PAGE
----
By Mark Maynard
Kentucky Today

Jim Matney, a mountain coaching legend with multiple state championships in wrestling and football at Johnson Central High School, died Tuesday from complications of COVID-19.

His sister-in-law Janette Jude announced the death of the storied Kentucky coach in a social media post.

Matney contracted COVID-19 sometime after Johnson Central played Lexington’s Henry Clay on Aug. 20 and began suffering complications since then. He suffered a stroke en route to a West Virginia hospital nearly a month ago.

Coach Jim Matney celebrates winning the 2019 state championship with his team and assistant coaches. (Photo by Kevin Goldy, The Daily Independent, via Kentucky Today)

“Jim passed away peacefully after the boys were able to say their goodbyes, with Debby by his side,” Jude said in the post, referring to his wife Debby Matney. “I regret that he didn’t know how many of you cared and reached out to our family. Thank you so much. We’re heartbroken but we will get through this. We have so many of you who I know will be there for us all. Please pray for peace, comfort, and strength for us.”

The community reached out daily to the Matney family and had a prayer vigil for him earlier this month.

“He could have gone and coached anywhere,” said Josh Schmidt, the lead pastor at Grayson First Baptist he played for him at Sheldon Clark. “He had a deep burden for kids in the mountains. We were a lot more blessed than a lot of kids were in Martin County but Matney treated every kid the same.”

Matney had won 307 games as a head coach, including state titles in 2016 and 2019 at Johnson Central, heading into the 2021 season. Only a dozen coaches in Kentucky high school history have accumulated more than 300 victories.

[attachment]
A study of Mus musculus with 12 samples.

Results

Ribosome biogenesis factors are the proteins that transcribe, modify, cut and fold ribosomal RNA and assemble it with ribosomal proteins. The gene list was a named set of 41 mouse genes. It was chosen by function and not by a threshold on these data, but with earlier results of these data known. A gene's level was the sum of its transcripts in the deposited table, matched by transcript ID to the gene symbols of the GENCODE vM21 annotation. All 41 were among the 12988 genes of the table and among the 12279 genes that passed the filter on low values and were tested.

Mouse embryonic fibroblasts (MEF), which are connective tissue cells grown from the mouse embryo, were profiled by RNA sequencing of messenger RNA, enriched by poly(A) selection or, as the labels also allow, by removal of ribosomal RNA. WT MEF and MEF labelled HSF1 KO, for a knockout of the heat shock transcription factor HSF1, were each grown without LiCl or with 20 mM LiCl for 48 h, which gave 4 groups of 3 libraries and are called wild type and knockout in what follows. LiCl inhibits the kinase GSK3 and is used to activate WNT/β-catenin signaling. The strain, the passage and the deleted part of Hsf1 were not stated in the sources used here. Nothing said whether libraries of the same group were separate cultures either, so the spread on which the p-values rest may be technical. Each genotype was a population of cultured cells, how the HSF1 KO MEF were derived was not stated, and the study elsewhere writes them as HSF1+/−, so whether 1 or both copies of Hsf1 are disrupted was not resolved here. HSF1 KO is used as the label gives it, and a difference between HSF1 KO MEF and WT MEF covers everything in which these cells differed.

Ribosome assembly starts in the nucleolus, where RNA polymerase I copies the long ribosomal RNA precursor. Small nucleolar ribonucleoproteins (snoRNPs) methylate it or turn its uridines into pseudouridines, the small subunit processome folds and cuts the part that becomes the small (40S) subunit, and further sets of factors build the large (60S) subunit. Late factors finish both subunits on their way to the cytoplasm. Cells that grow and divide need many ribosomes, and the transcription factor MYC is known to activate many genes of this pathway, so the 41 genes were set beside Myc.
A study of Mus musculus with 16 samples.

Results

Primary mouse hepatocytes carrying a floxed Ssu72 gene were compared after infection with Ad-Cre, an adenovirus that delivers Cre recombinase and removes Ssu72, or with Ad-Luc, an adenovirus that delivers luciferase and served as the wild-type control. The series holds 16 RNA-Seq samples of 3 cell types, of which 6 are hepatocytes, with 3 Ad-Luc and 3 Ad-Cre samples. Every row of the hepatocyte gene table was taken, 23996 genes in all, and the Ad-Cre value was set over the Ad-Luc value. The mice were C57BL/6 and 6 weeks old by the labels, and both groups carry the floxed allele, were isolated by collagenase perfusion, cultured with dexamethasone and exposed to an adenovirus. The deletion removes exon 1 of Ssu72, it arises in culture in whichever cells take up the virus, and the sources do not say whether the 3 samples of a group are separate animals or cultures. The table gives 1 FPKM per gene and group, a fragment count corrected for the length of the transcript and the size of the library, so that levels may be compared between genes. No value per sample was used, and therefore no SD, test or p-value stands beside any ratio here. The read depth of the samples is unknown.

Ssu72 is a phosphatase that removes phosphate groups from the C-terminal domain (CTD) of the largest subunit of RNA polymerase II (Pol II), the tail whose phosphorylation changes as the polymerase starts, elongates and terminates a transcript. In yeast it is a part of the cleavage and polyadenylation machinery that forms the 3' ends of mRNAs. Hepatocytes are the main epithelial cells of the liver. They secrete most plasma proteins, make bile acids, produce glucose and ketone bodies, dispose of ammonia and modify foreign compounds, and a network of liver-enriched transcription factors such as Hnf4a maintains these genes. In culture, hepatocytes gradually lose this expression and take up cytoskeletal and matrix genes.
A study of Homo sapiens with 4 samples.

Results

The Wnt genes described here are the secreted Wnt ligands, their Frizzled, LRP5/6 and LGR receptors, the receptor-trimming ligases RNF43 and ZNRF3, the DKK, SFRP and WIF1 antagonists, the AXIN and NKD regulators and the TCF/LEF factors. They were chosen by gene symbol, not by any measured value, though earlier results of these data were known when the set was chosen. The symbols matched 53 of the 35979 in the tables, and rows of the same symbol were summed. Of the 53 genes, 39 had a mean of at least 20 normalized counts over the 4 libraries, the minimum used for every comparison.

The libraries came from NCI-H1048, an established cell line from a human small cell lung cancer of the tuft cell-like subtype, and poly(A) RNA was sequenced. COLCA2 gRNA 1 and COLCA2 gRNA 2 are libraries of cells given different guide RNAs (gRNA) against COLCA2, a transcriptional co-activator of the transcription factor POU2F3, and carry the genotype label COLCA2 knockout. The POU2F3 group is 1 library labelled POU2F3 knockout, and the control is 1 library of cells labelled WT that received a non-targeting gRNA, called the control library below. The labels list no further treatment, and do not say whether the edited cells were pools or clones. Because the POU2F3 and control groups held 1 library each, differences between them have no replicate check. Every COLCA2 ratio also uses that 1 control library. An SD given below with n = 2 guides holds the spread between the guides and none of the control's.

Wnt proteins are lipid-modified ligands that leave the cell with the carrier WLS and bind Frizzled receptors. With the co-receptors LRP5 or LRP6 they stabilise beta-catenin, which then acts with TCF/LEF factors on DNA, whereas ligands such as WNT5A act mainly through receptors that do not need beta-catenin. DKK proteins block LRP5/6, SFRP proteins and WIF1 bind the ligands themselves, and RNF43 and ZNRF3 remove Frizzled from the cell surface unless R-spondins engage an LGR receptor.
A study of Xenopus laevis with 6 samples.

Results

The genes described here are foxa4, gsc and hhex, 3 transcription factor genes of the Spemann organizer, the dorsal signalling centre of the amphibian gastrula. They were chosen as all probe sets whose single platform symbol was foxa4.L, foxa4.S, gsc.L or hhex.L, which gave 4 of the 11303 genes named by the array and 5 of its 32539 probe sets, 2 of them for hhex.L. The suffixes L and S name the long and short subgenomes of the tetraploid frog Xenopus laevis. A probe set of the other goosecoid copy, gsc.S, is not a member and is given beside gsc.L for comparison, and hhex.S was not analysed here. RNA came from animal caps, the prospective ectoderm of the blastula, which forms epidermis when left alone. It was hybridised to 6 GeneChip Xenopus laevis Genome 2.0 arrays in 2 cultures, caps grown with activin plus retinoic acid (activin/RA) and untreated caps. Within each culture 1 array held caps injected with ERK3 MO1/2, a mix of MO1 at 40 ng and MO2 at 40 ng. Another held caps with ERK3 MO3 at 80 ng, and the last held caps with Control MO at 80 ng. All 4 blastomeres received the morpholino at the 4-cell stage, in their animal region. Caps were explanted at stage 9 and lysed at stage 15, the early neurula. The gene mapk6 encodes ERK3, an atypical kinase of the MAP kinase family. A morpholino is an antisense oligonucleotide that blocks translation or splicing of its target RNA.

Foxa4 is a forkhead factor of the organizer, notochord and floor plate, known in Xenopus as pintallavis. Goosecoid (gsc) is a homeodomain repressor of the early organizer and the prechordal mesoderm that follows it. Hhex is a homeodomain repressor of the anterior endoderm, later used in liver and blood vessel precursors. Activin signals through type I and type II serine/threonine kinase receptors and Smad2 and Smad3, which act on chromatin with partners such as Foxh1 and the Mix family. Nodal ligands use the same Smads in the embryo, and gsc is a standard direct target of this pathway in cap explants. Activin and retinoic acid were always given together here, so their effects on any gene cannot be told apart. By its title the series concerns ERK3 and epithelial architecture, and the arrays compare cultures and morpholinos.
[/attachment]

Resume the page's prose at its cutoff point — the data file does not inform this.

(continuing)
A graduate of Belfry High School in 1977 where he played football and wrestled, Matney went to Liberty University where he also wrestled. He was the wrestling and football coach at Sheldon Clark and took on the same role at Johnson Central. He led Sheldon Clark to team wrestling championships in 1994 and 1995 and coached 30 individual champions between the two schools.

Matney got his head coaching start in 1984 at Sheldon Clark High School in Martin County. The Cardinals went 0-10 in his first year but won 124 games over the next 19 seasons, two of which ended in the state semifinals. He took over at Johnson Central in 2004, and guided the Golden Eagles to their only state finals appearances over the course of five straight seasons from 2015 to 2019. Johnson Central won its first state football title in 2016, defeating Franklin-Simpson 48-0.

Seth Carter, the pastor of Paintsville First Baptist, said Matney deserves to be in the conversation as one of the greatest coaches ever in eastern Kentucky.

“You have to put him up there in that class with (Belfry coach Phil) Haywood,” Carter said. “He was the consummate father figure for a lot of those boys and remained that for their post-graduate years. You hear these testimonies of guys who have this close relationship with him to this day. That kind of legacy is the best one a coach can leave behind.”

Carter is the team chaplain for Johnson Central city rival Paintsville High School but once a year he did devotions for the Golden Eagles.

“It’s such a huge loss for the community,” he said. “People are numb.”

Matney came to know the Lord as a young man at Belfry First Baptist Church where he was baptized by Bob Norman. He attended Inez First Baptist when coaching 10 years at Sheldon Clark where Josh Schmidt’s late father, Paul, was the pastor.

“He and Dad had a great relationship,” Josh Schmidt said.

Tommy Reed, the pastor at Fitzpatrick Baptist in Prestonsburg, went to school with Matney. He said he and his wife were “heartbroken” upon hearing the news.